On June 11th, 2019, the New York City Landmarks Preservation Commission (LPC) designated seven buildings in the area south of Union Square as individual landmarks. While these seven buildings are just a fraction of a fraction of the buildings we called for to be landmarked in connection with the City’s shady Tech Hub “deal”, and none are in danger of being demolished (six of the seven are overbuilt for their zoning), they nevertheless all have storied histories. Of the seven buildings that were designated, 836 Broadway is the oldest, built in 1876, and reflective of the burgeoning commercial development of Broadway at that time.
836 Broadway was built on the site of James J. and Cornelia Roosevelt’s town home. James, a well-respected judge and Congressman, was also the great-uncle of President Theodore Roosevelt, Jr. Following the deaths of James and Cornelia in 1875 and 1876 respectively, their estate had the town home demolished. The estate applied for a new building permit in 1876 for a six-story brick store and loft building to be designed by Stephen Decatur Hatch, responding to the change in nature of this part of Broadway which had been residential but by 1876 was becoming commercial.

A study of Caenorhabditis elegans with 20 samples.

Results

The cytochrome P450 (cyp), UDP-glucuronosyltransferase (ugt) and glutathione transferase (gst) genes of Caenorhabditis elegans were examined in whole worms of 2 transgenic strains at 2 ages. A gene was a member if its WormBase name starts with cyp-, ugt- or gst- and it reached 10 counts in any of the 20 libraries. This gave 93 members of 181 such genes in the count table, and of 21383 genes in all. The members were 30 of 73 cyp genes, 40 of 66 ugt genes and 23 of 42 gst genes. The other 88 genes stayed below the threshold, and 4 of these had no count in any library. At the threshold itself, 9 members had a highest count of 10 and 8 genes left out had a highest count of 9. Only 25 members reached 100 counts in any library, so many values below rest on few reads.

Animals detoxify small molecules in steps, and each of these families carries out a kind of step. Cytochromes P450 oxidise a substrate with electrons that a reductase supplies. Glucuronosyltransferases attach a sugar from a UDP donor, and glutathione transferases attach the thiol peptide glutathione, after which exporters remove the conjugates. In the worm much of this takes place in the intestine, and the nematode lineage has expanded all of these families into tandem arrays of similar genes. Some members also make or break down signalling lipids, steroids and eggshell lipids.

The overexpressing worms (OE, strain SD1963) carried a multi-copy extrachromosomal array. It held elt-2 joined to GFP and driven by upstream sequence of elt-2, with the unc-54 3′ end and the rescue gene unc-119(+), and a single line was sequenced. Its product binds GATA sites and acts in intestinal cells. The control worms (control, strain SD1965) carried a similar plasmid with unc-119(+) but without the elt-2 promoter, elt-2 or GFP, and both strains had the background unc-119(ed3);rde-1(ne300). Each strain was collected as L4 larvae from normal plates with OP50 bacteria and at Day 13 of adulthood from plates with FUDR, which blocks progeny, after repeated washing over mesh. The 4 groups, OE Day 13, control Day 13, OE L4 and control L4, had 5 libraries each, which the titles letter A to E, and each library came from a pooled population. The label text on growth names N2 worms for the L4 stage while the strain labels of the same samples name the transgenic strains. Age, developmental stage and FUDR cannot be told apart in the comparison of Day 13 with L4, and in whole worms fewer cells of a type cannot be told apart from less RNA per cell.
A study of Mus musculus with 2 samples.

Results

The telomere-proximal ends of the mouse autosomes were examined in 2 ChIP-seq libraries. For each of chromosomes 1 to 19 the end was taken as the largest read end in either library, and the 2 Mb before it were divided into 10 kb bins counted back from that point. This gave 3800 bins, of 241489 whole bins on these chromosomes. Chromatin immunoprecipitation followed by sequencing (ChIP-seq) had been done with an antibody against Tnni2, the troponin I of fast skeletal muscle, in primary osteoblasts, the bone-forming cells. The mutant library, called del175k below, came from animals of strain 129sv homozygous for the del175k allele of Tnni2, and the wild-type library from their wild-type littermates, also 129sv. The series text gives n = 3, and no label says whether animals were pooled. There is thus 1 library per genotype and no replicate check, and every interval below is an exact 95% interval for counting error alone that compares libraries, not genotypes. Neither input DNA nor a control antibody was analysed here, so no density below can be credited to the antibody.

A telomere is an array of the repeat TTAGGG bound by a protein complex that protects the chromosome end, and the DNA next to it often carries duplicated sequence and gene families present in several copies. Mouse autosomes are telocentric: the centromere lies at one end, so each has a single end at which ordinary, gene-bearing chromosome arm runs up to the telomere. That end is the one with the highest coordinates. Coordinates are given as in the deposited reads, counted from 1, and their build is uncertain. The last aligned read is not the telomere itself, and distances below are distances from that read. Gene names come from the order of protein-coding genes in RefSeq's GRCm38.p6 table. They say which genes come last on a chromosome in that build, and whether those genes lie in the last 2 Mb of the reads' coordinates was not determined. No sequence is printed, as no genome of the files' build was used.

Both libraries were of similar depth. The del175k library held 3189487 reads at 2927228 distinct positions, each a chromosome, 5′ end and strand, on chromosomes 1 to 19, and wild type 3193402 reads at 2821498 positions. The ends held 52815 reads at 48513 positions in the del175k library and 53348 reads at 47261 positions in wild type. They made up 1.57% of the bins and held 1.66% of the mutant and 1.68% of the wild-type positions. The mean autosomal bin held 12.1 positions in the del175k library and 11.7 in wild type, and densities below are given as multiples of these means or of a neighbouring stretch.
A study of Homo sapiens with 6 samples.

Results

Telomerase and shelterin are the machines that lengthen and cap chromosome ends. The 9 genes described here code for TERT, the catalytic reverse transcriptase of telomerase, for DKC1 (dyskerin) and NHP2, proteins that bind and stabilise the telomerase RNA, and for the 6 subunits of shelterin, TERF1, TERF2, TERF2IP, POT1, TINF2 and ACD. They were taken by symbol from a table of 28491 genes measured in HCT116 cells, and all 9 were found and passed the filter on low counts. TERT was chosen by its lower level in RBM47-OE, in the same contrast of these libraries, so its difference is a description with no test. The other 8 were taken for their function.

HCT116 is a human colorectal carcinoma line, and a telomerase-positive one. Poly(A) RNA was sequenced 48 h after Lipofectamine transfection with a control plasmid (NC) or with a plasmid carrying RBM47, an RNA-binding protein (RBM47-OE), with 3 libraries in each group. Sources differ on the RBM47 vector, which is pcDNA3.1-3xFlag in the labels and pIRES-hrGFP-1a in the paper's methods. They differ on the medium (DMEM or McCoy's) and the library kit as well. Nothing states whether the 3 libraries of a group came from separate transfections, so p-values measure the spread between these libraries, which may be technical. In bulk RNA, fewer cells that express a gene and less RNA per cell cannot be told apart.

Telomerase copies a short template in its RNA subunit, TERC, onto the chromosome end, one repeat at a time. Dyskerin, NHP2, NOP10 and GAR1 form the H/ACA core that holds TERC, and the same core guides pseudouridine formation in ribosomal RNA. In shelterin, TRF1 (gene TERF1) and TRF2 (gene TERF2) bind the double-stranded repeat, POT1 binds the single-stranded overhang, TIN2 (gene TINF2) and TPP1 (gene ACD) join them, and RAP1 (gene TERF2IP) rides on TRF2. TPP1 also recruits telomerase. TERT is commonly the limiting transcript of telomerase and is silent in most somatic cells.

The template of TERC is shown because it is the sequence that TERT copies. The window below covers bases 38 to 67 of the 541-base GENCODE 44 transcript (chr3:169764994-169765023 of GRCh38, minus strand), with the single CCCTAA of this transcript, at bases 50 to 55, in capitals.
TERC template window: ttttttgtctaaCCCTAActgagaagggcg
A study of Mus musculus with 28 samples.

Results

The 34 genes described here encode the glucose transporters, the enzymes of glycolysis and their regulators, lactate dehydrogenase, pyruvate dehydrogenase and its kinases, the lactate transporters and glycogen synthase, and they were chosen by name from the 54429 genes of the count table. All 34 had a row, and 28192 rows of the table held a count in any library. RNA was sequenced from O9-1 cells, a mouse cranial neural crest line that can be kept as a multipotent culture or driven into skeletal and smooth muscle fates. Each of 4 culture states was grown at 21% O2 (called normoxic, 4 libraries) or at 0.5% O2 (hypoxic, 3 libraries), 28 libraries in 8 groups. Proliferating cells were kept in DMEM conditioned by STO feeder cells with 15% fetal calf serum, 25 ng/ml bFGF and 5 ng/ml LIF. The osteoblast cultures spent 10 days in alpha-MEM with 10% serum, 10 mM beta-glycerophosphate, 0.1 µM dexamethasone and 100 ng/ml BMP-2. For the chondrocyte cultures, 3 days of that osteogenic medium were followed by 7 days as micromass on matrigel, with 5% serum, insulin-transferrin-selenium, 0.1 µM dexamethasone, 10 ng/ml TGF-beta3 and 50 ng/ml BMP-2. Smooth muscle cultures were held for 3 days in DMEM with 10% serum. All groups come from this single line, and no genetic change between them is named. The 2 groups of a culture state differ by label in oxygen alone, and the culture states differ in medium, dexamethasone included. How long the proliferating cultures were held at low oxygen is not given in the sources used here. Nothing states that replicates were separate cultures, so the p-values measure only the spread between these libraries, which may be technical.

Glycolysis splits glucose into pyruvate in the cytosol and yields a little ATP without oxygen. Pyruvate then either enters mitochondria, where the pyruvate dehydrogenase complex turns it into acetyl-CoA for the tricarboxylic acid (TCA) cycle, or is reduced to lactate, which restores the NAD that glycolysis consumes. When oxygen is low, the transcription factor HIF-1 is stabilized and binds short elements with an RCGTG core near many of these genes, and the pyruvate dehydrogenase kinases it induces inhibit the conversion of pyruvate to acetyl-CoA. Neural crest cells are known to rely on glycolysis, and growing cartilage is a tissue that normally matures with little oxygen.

Stephen Decatur Hatch (1839-1894), was a prominent New York City architect and started as a draftsman for the architectural office of John B. Snook, known for designing iron front buildings. In 1864 Hatch started his own firm and became an architect of the United States War Department. His design for 836 Broadway took full advantage of the lot which L’s around to a frontage on East 13th Street. Both facades are clad in ornamented cast-iron, with the East 13th Street facade less ornanate than the Broadway one and both featuring mansard roofs. Elements of the Neo-Grec, Second Empire and Renaissance Revival styles are employed in the design.
No. 836’s first tenant was Mitchell, Vance & Co. who manufactured light fixtures, clocks and ornamental metal. Their foundry was in nearby Chelsea, and No. 836 served as their showroom and office space. Other tenants would follow including garment related companies, as these would became prevelant in the area during the early 20th century. During the shirt-waist strikes of 1909-1910, clothing-related factores in the building included Freigat & Keim. To learn more, see the designation report.
836 Broadway is one of ten buildings in our neighborhood Village Preservation fought to have landmarked which were landmarked in June of this year, all of which, like No. 836, now have LPC designation reports which can be found on our website that have rich historical details about each of the buildings: 817 Broadway, 826 Broadway, 830 Broadway, 832-834 Broadway, 836 Broadway, 840 Broadway, The Roosevelt Building, 841 Broadway, The LGBT Community Center, 208 West 13th Street, Caffe Cino, 31 Cornelia Street, and the Gay Activist Alliance Firehouse, 99 Wooster Street. If you want to help us as we fight to extend landmark protections to more of the area south of Union Square (including to buildings which are actually endangered), click here. If you want to access more designation reports for buildings and areas of our neighborhood, containing fascinating historic information, click here.